The brainchild of songwriter Kemp Stroble (Hot Fudge, Ya'al H'ush), Yallweh's self-titled debut is the culmination of more than two years of work. Stroble began recording the album in May 2015, and wound up playing everything on it except drums—those came courtesy of Will Dyar—and a smattering of cello and trumpet parts, contributed by Athens expats Heather McIntosh and Charlie Estes.
The 11-track record bears the mark of its exacting creation process, but its precision is a strength, not a drawback; devoted to melody and movement, Yallweh's music never becomes weighted down by its many details.
Stroble's LP is a psych-pop treasure, and today we're pleased to premiere its first single, the anthemic "I'll Gladly Not Sing," which you can stream below:
Stroble says of the song:
'I’ll Gladly Not Sing' was written, along with most of the other songs on the Yallweh album, during a particularly difficult time in my life. I spent many months re-evaluating my place in the world, and fortunately found that I was able to translate various frustrations into music and words. This song has a few layers of meaning, conceptually, and the absence of a vocal-driven chorus is more significant than mere happenstance. The process of demoing and then professionally recording this song out in New Mexico continued to provide me with reminders of what I’d been going through. This was tough, and I often found that I did not want to sing about these things, or about anything at all. The juxtaposition of the emotions in words and music with the piecemeal and task-oriented structure of recording this song (and the rest of the record), however, allowed me to develop a more objective perspective on both the music and my life.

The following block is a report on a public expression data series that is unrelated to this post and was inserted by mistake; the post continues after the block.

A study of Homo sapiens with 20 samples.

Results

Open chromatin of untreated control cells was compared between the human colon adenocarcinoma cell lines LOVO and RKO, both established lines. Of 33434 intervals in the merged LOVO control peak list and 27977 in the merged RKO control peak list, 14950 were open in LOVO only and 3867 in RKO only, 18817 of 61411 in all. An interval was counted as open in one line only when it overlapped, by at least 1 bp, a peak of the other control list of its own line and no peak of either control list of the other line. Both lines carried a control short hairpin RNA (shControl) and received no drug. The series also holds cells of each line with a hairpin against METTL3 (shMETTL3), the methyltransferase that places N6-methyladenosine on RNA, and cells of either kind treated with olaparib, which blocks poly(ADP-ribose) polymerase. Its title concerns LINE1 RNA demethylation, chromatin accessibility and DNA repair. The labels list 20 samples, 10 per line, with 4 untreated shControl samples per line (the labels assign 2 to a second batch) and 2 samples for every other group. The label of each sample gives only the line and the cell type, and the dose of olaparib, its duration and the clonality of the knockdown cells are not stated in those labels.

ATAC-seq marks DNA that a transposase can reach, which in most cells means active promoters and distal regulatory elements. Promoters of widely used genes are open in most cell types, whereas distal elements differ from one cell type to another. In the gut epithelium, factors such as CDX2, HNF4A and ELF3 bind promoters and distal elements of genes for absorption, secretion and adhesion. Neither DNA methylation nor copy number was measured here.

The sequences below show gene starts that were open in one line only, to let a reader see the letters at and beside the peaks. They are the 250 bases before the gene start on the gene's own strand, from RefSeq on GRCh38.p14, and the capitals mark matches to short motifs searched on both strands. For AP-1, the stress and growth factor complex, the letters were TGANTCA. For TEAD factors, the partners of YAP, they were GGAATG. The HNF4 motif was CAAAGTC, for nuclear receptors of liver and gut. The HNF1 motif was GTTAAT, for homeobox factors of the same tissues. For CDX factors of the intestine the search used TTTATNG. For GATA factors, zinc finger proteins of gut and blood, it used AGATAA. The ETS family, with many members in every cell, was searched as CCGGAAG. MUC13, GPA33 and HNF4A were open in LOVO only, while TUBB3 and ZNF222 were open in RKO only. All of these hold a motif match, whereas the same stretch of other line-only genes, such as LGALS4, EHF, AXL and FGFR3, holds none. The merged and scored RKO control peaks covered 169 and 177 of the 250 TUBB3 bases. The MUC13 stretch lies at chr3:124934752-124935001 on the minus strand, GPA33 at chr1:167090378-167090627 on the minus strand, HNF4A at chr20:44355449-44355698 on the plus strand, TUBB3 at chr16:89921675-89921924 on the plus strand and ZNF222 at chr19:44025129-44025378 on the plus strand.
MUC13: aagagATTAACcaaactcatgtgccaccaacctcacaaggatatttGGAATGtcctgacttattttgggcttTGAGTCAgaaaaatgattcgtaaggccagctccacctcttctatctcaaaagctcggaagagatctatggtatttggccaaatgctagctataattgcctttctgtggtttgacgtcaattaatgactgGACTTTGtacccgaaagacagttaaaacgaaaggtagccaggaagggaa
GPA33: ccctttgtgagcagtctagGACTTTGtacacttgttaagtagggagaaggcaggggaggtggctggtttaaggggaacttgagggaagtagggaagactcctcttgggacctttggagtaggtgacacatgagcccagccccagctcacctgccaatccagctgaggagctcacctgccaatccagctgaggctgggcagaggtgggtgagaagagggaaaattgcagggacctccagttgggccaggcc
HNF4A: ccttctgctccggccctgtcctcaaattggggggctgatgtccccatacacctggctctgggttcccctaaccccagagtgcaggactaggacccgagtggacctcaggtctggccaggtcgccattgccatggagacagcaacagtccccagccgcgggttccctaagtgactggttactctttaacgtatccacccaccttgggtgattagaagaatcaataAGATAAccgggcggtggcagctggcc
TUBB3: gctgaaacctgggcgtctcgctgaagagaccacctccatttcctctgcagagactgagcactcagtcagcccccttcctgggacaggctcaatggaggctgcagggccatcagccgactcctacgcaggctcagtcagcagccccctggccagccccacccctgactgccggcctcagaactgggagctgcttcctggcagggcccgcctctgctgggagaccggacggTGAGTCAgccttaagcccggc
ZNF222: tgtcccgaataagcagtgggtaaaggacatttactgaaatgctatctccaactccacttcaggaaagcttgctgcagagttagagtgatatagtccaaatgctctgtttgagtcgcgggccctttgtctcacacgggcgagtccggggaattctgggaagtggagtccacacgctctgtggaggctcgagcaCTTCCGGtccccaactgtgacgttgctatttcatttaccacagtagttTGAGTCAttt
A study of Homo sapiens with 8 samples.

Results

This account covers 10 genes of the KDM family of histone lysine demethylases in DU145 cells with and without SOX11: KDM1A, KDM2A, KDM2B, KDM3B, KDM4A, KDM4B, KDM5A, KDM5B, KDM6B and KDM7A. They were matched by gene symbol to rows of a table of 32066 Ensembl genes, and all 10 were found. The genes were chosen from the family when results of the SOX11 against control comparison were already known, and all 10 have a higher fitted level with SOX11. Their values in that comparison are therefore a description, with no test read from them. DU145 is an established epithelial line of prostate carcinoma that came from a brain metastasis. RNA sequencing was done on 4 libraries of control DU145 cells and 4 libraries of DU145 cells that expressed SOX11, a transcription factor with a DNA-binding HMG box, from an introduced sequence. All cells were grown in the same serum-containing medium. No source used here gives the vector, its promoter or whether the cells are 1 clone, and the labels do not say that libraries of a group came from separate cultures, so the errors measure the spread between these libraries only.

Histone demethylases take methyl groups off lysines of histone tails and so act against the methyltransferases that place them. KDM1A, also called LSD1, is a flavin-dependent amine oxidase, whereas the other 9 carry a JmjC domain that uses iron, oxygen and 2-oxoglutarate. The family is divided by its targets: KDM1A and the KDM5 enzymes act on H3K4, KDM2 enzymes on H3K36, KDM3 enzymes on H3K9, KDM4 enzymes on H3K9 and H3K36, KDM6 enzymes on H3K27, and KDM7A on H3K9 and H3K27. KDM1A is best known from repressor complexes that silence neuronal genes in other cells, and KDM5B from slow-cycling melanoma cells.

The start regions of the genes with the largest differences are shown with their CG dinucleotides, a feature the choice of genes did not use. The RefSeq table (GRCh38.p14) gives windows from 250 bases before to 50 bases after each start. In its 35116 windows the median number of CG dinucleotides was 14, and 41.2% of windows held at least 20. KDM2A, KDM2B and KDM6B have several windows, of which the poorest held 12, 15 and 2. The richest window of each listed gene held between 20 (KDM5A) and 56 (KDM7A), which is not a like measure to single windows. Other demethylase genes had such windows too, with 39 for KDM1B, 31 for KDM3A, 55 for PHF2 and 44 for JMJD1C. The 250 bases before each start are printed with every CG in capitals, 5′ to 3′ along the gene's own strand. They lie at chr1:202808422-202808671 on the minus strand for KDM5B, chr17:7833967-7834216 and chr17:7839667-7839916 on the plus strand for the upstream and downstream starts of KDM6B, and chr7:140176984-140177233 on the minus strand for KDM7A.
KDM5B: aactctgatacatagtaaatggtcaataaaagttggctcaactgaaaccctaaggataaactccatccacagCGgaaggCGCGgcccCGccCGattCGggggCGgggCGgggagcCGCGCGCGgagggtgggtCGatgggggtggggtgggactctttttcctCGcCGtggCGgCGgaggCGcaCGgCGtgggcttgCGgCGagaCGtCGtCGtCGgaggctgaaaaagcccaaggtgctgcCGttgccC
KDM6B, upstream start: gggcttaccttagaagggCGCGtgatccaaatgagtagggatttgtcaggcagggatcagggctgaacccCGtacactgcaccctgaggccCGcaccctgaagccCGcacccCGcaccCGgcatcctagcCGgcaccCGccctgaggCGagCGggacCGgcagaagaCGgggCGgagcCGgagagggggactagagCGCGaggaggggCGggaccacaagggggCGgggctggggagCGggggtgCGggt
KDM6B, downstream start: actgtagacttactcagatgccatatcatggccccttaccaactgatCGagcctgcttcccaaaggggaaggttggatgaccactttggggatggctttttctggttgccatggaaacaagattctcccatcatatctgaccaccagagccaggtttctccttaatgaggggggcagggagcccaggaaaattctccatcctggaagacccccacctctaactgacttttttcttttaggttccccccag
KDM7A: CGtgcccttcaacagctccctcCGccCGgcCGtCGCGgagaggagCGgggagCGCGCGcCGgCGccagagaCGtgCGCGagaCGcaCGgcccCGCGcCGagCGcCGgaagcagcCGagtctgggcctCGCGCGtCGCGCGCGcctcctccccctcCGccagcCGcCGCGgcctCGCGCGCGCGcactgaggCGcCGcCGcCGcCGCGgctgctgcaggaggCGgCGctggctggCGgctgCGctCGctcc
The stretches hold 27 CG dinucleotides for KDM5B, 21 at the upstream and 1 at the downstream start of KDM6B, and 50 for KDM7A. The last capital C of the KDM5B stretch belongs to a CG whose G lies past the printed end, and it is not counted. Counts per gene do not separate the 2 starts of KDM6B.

Yallweh will be available to purchase on Bandcamp starting Friday, July 14. For Yallweh's live show, which you can catch Saturday, Stroble has assembled an all-star cast of locals to act as his backing band, including members of Marshmallow Coast, Hot Fudge and Harvey Milk.
Yallweh plays Little Kings Shuffle Club on Saturday, July 15.